Former Ranger, current NFL star appears in new ‘Call of Duty’
By MICHAEL S. DARNELL | STARS AND STRIPES Published: November 2, 2017
Barracks rooms across the world soon will be filled once more with the sounds of explosions, gunfire and cries of foul play, all indicating that another “Call of Duty” has been released into the wild.
This time, it’s “Call of Duty: WWII,” the venerated series’ return to the battlefields of the second world war. While the franchise began as a gritty, first-person shooter aimed at replicating the war between the Allies and Axis, it has spent many years since delving into modern and near-future battlefields.
Fans of “Call of Duty,” even those turned off by the science fiction-heavy “Infinite Warfare,” have taken a great interest in the return to the series’ roots. This includes the innumerable Marines, soldiers, sailors and airmen who will be spending the weekend fragging and being fragged. Among military folks, “Call of Duty” has long been a barracks room favorite.
Just ask former Army Ranger and current Pittsburgh Steeler Alejandro Villanueva.
“Within the video game world, first-person shooter video games are the most popular. Within the most popular video game [genre], ‘Call of Duty’ is king,” Villanueva told Stars and Stripes.
Villanueva and teammate Le’Veon Bell both appear in this year’s “Call of Duty.” Bell, stud running back and savior of fantasy football leagues everywhere, is one of the first characters players will meet when booting up the game for the first time. Villanueva will be one of the soldiers at the firing range at the new “Headquarters” multiplayer mode.
Activision, publisher of the series, brought the two athletes on as the first set of teammates to be featured in a Call of Duty title.
“They reached out to me and the only question they asked me is – do you play ‘Call of Duty?’” Villanueva said. “I got really excited.”
“Anybody from my generation … it is like being a character in Star Wars. It’s a huge honor to even be considered to be a character. Even though I had a small role in the game … the fact that they selected me to do it was awesome.”
This year, Sledgehammer managed to nab not only one or two of the biggest names in the NFL today, but they’ve also enlisted a man who has spent plenty of time in actual combat.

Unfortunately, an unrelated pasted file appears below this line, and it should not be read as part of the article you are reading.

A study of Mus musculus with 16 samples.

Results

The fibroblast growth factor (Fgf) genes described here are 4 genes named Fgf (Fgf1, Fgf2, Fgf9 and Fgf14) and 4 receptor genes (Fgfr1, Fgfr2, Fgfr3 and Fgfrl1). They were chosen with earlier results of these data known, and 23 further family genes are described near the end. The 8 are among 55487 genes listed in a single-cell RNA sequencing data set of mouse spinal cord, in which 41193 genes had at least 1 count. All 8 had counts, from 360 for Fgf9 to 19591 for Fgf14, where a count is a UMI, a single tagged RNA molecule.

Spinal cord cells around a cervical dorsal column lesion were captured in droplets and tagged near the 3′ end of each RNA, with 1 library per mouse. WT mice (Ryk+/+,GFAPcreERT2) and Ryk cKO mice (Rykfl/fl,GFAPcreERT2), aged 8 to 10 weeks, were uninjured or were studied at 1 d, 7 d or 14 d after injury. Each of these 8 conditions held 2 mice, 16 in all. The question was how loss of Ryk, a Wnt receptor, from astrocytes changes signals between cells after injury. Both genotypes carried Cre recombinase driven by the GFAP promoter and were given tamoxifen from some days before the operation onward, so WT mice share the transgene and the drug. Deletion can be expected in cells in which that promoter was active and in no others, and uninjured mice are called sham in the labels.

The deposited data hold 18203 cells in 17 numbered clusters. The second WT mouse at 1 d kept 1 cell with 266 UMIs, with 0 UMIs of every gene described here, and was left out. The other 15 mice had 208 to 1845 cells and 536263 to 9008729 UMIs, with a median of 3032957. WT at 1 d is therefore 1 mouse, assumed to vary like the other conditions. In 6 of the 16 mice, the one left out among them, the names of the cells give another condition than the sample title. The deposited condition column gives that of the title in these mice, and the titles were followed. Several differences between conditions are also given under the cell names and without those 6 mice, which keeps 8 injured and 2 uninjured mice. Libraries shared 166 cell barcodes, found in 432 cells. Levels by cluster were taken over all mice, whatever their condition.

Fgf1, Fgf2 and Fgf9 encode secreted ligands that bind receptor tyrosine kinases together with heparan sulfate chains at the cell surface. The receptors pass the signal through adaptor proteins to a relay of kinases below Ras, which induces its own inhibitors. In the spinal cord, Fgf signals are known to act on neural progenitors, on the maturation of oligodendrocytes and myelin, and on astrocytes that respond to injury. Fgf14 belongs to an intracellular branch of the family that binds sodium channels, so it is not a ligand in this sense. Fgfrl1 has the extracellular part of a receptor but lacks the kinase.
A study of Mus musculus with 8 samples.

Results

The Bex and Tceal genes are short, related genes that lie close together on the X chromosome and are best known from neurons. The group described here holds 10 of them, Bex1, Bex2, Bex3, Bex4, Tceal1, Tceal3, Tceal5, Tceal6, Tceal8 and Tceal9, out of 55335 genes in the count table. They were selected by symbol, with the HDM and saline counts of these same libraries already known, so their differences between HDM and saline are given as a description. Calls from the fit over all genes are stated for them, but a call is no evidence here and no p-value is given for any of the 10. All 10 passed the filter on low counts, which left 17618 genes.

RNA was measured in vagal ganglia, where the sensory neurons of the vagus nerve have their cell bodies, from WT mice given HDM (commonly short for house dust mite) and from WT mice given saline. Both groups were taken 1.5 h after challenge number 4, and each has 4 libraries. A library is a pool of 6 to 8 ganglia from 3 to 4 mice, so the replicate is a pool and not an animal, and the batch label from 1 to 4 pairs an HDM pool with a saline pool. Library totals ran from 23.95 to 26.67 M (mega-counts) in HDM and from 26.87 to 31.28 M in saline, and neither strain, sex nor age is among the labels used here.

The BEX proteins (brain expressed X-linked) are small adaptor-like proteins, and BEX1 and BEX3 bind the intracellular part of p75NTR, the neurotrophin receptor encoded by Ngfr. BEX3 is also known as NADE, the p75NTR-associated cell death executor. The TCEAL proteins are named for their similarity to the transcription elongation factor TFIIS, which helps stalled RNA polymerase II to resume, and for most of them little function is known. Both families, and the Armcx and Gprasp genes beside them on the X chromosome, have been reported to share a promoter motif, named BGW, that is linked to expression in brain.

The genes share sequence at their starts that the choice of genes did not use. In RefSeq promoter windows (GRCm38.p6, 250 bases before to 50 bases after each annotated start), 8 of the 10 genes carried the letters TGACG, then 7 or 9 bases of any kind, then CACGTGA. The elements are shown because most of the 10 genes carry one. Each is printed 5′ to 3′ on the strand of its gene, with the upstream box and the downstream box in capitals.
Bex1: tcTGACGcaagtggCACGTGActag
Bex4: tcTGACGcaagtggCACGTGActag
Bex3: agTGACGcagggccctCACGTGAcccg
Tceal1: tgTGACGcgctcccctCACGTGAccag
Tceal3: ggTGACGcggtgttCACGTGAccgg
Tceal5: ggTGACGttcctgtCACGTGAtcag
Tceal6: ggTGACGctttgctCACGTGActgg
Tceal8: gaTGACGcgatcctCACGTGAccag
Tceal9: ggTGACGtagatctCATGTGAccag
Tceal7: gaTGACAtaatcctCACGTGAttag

As a rifle platoon leader in Afghanistan in 2011, then-Lt. Villanueva and his men came under ambush by the Taliban. According to an interview he gave to ESPN, Villanueva carried a wounded soldier, Spc. Martin Piggott, to safety following the ambush. Another soldier, Pfc. Class Jesse Dietrich, died in the same ambush.
To some, it might seem odd that a man who has seen firsthand the destruction of war would choose to participate in a video game about combat.
To Villanueva and a host of other servicemembers past and present, it’s no stranger than Audie Murphy or R. Lee Ermey playing fictionalized versions of themselves in a Hollywood flick.
“If you were to take a millennial – any average millennial right now – and on a pie chart just sort of time allocate things they pay interest … something that is really, really big on that pie chart, from the time we were able to hold a controller, is video games,” Villanueva said.
He said he grew up playing video games and never really dropped the habit. Even when deployed, he found time to play.
“I used to do real-life missions, real-life ‘Call of Duty’ in Afghanistan, and then come back to a real-life forward operating base and play ‘Call of Duty,’” he said. And he’s not alone.
“It doesn’t matter almost to a certain degree even what kind of background you come from, whether you’re rich, poor, black, white, Hispanic – people love playing video games,” he said.
Now, the former Ranger continues to find time to pick up the sticks. After a game, he even uses video games as a way to unwind and to test his mental acuity. The Steelers locker room has a video game area, and Villanueva said the team “is going to be battling it out to see who gets the crown of ‘Call of Duty’” when the game is released Nov. 3.